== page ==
Elaine Stritch Stretches Run to Dec. 30 at Public Theater

News   Elaine Stritch Stretches Run to Dec. 30 at Public Theater As expected, Elaine Stritch's autobiographical Off-Broadway show At Liberty has extended. Performances, once set to end on Nov. 25, will run until Dec. 30. The extension was announced mere hours after the Public Theater's official opening on Nov. 7. (Previews began Oct. 26.)

As expected, Elaine Stritch's autobiographical Off-Broadway show At Liberty has extended. Performances, once set to end on Nov. 25, will run until Dec. 30. The extension was announced mere hours after the Public Theater's official opening on Nov. 7. (Previews began Oct. 26.)

The month of new dates will run on a limited schedule of five shows a week. Stritch will take the stage Wednesday through Saturday at 8 PM and Sunday at 5 PM, for a total of 25 new shows. The New York Times reports (Nov. 9) that producers John Schreiber and Margo Lion are also considering a transfer of the show to Broadway or London, with Schreiber replying that any decision would rest with the show's star.

Liberty is molded out of the raw material of Stritch's crowded life on and off the stage. The text was "constructed" by The New Yorker drama critic John Lahr and then "reconstructed" by Stritch. Lahr is the author of several book on the theatre, including “Prick Up Your Ears,” “Show and Tell,” “Notes on a Cowardly Lion” (about his father, actor and comedian Bert Lahr) and a biography of Noel Coward. He has also dabbled in the theatre, penning a stage adaptation of the film, “The Manchurian Candidate.” Lahr is a recipient of the George Jean Nathan Award for dramatic criticism.

Stritch's career is strewn with landmark performances, including her turns in Pal Joey, William Inge's Bus Stop, Noel Coward's Sail Away, and, of course, Stephen Sondheim's Company, in which her fame was sealed with a renowned delivery of "The Ladies Who Lunch." Since the Sondheim performance, Stritch has evolved into something of a living legend, regularly profiled, parodied by Forbidden Broadway and generally celebrated for just being herself.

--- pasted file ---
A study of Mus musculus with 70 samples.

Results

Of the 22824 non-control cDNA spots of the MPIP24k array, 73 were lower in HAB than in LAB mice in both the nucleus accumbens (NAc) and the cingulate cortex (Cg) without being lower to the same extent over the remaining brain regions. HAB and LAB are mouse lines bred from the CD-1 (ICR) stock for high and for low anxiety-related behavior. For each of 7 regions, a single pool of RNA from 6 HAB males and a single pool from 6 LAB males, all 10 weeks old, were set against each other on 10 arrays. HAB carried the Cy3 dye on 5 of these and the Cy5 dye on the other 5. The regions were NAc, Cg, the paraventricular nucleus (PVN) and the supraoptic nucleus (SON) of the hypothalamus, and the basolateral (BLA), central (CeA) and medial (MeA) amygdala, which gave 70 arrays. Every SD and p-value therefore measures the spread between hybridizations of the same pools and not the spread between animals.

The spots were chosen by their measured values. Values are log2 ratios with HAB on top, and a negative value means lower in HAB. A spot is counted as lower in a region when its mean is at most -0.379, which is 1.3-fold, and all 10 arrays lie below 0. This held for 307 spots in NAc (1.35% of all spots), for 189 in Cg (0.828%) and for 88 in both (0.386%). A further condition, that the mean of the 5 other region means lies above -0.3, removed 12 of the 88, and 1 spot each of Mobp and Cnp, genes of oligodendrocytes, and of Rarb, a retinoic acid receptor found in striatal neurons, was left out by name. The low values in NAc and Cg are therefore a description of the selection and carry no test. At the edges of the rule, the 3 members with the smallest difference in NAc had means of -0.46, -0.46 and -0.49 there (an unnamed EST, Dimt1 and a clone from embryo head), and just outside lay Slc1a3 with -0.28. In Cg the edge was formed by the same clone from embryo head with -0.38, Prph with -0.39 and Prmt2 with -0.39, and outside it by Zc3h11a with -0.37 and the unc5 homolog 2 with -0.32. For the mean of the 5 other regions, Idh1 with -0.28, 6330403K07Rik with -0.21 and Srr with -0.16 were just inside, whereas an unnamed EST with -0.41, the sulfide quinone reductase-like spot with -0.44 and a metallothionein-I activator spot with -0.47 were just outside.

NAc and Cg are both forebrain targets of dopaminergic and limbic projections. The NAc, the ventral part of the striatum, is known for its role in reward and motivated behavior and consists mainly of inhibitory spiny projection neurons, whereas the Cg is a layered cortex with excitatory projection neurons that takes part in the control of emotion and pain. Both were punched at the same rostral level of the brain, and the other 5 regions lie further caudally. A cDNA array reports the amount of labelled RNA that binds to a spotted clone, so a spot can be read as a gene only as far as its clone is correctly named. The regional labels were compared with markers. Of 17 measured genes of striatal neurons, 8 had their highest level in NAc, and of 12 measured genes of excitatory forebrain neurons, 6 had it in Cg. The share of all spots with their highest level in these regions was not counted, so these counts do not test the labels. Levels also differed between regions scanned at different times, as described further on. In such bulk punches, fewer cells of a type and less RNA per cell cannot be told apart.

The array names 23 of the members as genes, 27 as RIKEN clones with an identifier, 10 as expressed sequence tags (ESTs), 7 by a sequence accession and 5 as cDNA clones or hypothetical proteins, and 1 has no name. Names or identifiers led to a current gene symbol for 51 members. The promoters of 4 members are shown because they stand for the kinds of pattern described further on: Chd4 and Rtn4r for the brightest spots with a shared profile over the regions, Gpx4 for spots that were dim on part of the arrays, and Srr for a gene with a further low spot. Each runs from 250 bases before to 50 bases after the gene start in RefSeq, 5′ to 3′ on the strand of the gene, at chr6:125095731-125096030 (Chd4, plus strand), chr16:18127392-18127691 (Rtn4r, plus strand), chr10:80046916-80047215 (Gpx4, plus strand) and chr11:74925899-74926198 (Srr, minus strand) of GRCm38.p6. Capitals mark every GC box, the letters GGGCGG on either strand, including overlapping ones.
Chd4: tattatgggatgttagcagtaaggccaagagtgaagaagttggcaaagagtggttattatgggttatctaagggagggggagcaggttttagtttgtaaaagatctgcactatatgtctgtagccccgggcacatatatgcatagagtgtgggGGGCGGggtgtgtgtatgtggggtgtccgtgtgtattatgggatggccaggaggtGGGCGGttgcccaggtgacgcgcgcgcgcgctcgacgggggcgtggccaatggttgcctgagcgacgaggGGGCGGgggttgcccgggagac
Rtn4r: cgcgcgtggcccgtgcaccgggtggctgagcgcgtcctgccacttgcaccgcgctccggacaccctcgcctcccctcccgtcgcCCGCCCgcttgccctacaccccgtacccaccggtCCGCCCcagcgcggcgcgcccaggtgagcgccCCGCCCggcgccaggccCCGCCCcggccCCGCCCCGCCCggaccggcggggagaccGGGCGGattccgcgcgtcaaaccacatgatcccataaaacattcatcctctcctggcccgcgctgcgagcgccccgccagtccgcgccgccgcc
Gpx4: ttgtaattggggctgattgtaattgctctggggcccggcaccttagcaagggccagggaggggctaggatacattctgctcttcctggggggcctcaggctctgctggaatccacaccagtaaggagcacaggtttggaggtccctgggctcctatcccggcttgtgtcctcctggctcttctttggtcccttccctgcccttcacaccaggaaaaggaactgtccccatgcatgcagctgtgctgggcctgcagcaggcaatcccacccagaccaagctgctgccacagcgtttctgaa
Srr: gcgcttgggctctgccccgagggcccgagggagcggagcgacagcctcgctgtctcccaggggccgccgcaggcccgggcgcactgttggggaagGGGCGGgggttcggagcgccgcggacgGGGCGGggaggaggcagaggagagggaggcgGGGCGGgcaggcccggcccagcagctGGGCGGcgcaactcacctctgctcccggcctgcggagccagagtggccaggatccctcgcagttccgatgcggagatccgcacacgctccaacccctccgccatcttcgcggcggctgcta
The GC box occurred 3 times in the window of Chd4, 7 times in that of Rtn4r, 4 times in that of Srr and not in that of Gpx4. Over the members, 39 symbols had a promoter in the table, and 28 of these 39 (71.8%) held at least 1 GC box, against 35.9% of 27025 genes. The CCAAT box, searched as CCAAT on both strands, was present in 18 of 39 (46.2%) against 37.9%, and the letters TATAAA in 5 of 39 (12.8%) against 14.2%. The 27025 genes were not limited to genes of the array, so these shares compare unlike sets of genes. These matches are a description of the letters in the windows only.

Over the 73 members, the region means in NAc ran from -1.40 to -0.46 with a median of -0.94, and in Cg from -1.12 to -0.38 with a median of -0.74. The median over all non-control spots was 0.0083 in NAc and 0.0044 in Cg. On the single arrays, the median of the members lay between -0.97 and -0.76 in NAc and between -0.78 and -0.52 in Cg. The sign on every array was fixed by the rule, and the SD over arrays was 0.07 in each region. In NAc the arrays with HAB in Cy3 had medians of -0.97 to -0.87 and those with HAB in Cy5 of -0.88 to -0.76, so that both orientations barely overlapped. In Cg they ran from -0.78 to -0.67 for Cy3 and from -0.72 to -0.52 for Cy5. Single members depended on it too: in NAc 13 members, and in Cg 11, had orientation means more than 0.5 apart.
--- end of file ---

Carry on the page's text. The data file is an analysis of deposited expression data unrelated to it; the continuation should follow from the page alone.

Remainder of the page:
In the piece, Stritch will discuss the above credits (no doubt with salty humor and a sandpaper voice), as well as lesser know aspects of her life, including the 15 years she spent living in England following her performance in Company; her job covering Ethel Merman in Call Me Madam; her early days in New York studying with Erwin Piscator and dating Marlon Brando; and her aborted engagement to film actor Gig Young (“They Shoot Horses, Don’t They?”). The show has scenic design by Riccardo Hernández, lighting design by Jules Fisher and Peggy Eisenhauer, costume design by Paul Tazewell, sound design by Acme Sound Partners, orchestrations by Jonathan Tunick and musical direction by Rob Bowman.

Wolfe is coming off his successful staging of Suzan-Lori Parks’ Topdog/Underdog, which is expected on Broadway this spring.